The appetite for deep dives into the world of sport has seen a major spike in recent years and doesn’t show any sign of slowing down. Amazon Prime Video has securely positioned itself as a leader in this space with titles such as Rooney, which profiles the global icon, and the All or Nothing series which has formed into an entire franchise with global success.
However, Netflix hits like The Last Dance also enthralled audiences during the height of COVID-19 when the world was starved of live sport.
The genre is evolving in a number of interesting ways, such as tapping into audiences’ appetite for episodic content, as well as feature length documentaries. The episodic format offers viewers a wider context than they can get from live matches and social media. They can delve into the drama, behind the scenes process, the inner feelings of sports icons, and spotlight grassroots sports that often miss out on mainstream coverage.
The focus on social and cultural icons
Today’s climate of activism sees many sports personalities embodying a new, inclusive age of sports and transcending their sports to become social and cultural icons. Social injustice has always been rife within sports and audiences’ contempt for discrimination has fuelled an appetite for seeing individuals succeed when the odds are stacked against them.
The often-used format of full access to icons and their teams, one-on-ones and guest interviews from fellow stars and people closest to them deeply embroils audiences in the emotions felt behind the news headlines. Apple’s recent announcement of a new documentary about the groundbreaking life and career of Formula 1 World Champion Sir Lewis Hamilton will spotlight his working-class background and his status as the only Black driver in the Formula 1 series.
The profiles of female sports icons continue to rise, paving the way for new generations to tackle the industry’s issues with discrimination and abuse. Netflix’s Naomi Osaka docuseries follows Naomi Osaka as she explores her cultural roots and navigates her multifaceted identity as a tennis champ and rising leader. A key development is the focus on women in very male-dominated sports, such as boxing. The recent Prime Video documentary Lioness: The Nicola Adams Story profiled Nicola Adams, the undefeated WBO champion, double Olympic gold medalist and recipient of an OBE. The series details her experience of sexism, racism and homophobia over the course of her career. Documentary makers have the time to build up trust with the people they’re filming, and then the time to tell those peoples’ stories in a nuanced and authentic way.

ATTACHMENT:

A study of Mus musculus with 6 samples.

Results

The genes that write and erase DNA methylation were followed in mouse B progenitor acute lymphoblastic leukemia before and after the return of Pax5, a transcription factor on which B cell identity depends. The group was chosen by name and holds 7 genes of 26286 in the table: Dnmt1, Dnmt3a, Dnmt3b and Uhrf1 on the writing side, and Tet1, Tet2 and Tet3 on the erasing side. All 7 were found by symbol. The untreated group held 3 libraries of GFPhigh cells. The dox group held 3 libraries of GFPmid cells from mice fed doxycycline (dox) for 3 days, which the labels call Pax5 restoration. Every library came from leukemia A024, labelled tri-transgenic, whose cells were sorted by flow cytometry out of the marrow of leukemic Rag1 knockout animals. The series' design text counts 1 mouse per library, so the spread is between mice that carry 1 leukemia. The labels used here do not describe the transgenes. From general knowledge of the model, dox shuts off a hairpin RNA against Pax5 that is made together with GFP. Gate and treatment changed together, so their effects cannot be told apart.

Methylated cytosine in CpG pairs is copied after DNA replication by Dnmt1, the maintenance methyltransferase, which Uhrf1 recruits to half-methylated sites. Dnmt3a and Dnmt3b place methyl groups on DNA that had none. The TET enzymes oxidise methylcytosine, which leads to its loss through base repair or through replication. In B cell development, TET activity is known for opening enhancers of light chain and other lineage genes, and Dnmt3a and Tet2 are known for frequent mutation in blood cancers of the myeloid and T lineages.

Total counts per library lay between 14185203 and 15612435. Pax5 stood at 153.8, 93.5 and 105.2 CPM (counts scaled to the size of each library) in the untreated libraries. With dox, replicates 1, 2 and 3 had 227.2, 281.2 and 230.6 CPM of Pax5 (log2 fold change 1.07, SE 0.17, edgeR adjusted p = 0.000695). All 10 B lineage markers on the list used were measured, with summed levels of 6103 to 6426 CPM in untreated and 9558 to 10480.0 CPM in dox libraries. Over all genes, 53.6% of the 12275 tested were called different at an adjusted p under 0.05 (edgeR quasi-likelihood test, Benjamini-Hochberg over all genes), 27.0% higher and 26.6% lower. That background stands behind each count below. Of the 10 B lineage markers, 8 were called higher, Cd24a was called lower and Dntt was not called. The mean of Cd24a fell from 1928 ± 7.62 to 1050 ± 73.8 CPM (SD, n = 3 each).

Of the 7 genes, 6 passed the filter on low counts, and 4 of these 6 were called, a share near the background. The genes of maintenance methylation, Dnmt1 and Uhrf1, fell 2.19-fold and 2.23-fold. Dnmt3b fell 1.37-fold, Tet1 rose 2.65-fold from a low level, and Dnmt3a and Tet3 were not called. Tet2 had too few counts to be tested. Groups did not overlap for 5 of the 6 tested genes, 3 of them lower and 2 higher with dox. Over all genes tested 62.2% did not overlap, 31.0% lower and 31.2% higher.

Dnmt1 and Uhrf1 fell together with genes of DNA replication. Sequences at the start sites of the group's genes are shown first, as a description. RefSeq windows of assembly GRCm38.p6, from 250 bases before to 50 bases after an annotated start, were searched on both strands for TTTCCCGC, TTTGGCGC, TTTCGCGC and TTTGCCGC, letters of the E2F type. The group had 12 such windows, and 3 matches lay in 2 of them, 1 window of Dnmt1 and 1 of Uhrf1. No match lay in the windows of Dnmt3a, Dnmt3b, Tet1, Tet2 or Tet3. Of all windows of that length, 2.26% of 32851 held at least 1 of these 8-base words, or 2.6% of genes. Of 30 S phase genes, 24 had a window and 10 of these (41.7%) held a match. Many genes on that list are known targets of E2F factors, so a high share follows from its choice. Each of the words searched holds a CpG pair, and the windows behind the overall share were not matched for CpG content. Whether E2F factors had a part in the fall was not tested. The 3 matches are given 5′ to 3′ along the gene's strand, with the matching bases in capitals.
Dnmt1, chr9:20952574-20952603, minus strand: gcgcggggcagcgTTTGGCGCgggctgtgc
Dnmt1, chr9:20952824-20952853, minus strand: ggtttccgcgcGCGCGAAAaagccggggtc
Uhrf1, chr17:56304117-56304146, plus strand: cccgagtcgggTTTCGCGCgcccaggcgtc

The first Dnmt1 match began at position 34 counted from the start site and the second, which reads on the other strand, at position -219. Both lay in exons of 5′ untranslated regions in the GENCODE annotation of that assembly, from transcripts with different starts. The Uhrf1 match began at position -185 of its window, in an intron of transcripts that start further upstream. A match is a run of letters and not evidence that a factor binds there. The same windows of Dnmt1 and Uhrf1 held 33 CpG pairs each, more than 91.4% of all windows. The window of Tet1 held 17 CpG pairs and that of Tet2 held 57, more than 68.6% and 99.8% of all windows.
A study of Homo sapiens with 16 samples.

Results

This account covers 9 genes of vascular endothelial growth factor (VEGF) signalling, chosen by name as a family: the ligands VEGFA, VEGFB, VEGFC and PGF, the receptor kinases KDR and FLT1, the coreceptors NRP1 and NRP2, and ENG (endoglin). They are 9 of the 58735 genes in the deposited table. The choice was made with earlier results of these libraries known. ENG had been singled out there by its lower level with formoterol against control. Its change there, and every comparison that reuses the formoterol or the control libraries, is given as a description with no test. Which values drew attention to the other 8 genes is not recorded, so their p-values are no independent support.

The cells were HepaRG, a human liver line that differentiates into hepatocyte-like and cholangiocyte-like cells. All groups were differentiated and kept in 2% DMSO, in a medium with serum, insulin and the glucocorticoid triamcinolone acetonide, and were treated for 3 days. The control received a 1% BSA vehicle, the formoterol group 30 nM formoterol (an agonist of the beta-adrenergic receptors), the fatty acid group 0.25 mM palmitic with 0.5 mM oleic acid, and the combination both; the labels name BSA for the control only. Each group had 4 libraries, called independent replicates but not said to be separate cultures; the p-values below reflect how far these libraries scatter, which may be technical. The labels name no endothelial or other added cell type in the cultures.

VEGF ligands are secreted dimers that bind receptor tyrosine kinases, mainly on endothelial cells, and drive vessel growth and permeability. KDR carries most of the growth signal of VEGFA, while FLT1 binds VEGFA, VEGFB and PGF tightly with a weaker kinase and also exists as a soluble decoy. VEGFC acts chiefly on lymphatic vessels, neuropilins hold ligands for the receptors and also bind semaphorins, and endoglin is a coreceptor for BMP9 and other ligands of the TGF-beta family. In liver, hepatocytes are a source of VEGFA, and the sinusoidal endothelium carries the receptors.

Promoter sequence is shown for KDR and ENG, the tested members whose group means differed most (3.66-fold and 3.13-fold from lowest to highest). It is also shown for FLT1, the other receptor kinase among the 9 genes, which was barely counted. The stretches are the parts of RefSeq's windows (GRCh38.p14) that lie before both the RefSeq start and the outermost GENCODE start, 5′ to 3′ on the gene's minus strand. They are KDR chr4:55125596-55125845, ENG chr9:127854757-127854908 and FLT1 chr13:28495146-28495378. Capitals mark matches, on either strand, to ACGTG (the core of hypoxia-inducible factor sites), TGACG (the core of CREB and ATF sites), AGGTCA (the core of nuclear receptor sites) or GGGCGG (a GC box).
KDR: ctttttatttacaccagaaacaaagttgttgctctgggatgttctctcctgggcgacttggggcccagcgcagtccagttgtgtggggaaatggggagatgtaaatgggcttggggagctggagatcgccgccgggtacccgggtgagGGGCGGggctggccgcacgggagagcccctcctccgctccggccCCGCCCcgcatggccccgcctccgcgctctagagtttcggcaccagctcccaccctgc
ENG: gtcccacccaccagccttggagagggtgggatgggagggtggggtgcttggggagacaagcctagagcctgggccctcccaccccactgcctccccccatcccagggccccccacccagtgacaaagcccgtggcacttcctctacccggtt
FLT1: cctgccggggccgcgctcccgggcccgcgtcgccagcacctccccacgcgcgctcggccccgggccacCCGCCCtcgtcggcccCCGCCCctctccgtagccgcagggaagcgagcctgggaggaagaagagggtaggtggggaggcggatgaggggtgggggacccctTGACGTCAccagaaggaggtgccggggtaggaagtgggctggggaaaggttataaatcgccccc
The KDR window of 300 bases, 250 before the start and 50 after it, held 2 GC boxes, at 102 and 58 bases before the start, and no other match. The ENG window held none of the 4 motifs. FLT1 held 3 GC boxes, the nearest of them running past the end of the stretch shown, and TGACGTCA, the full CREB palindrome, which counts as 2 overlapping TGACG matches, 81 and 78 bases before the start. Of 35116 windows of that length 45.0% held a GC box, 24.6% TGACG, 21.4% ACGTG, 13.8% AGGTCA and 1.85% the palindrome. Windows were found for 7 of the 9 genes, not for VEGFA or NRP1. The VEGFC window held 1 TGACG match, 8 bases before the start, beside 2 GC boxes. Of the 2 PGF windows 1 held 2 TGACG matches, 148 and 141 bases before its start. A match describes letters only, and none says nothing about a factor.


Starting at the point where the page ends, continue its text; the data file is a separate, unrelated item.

Amplifying grassroots and untapped sports
Documentaries are an entry point for audiences to understand the challenges of sports beyond the elite level. This sub-genre is big business, highlighted by Ryan Reynolds and Rob McElhenney’s acquisition of Wrexham AFC with a Hollywood production team in tow. Former England star turned media personality Peter Crouch has also ventured into the space with his Discovery+ show Save Our Beautiful Game, in which he follows Dulwich Hamlet F.C. and their financial struggles, highlighting the plight of grassroots football clubs across the country.
Netflix’s Cheer might have seemed like an odd show to gain the mass audience it did. The sport of competitive cheerleading is small, but it is the show’s close shots of near-impossible stunts, and the mesmerising work of practice which enraptured viewers and formed a cult following. Though it holds a huge existing fanbase, Netflix’s upcoming PGA TOUR and Golf’s Major Championships series may follow the same success, and bring in new audiences who previously held little interest. This formula can be witnessed through the success of Formula 1: Drive to Survive, which created die-hard fans simply through the series, and has just released a fourth series to greater anticipation than any that have gone before.
Sports audiences’ tastes are changing, opening the door to a widening opportunity for content that helps fans to feel closer to the action. Sports lends itself to great storytelling in a unique way, through the nail-biting close calls, internal politics, and high stakes results. Sports are an area where we can witness people achieve – and lose – incredible things. It’s awe-inspiring and gripping.
Such behind-the-scenes immersion can be witnessed through Prime Videos’ Take Us Home. Documenting Leeds United football club as they attempt to turn the fortunes of the club around, the human stories were a focal point throughout. Allowing audiences to gain insight into transfer deals, pressures on the players and the important role the club plays in the lives of fans created a drama-filled series. Prime Video’s upcoming addition to the All or Nothing series will follow Arsenal go through a rebuilding phase as they focus on Premier League success and look to get back into European football this season.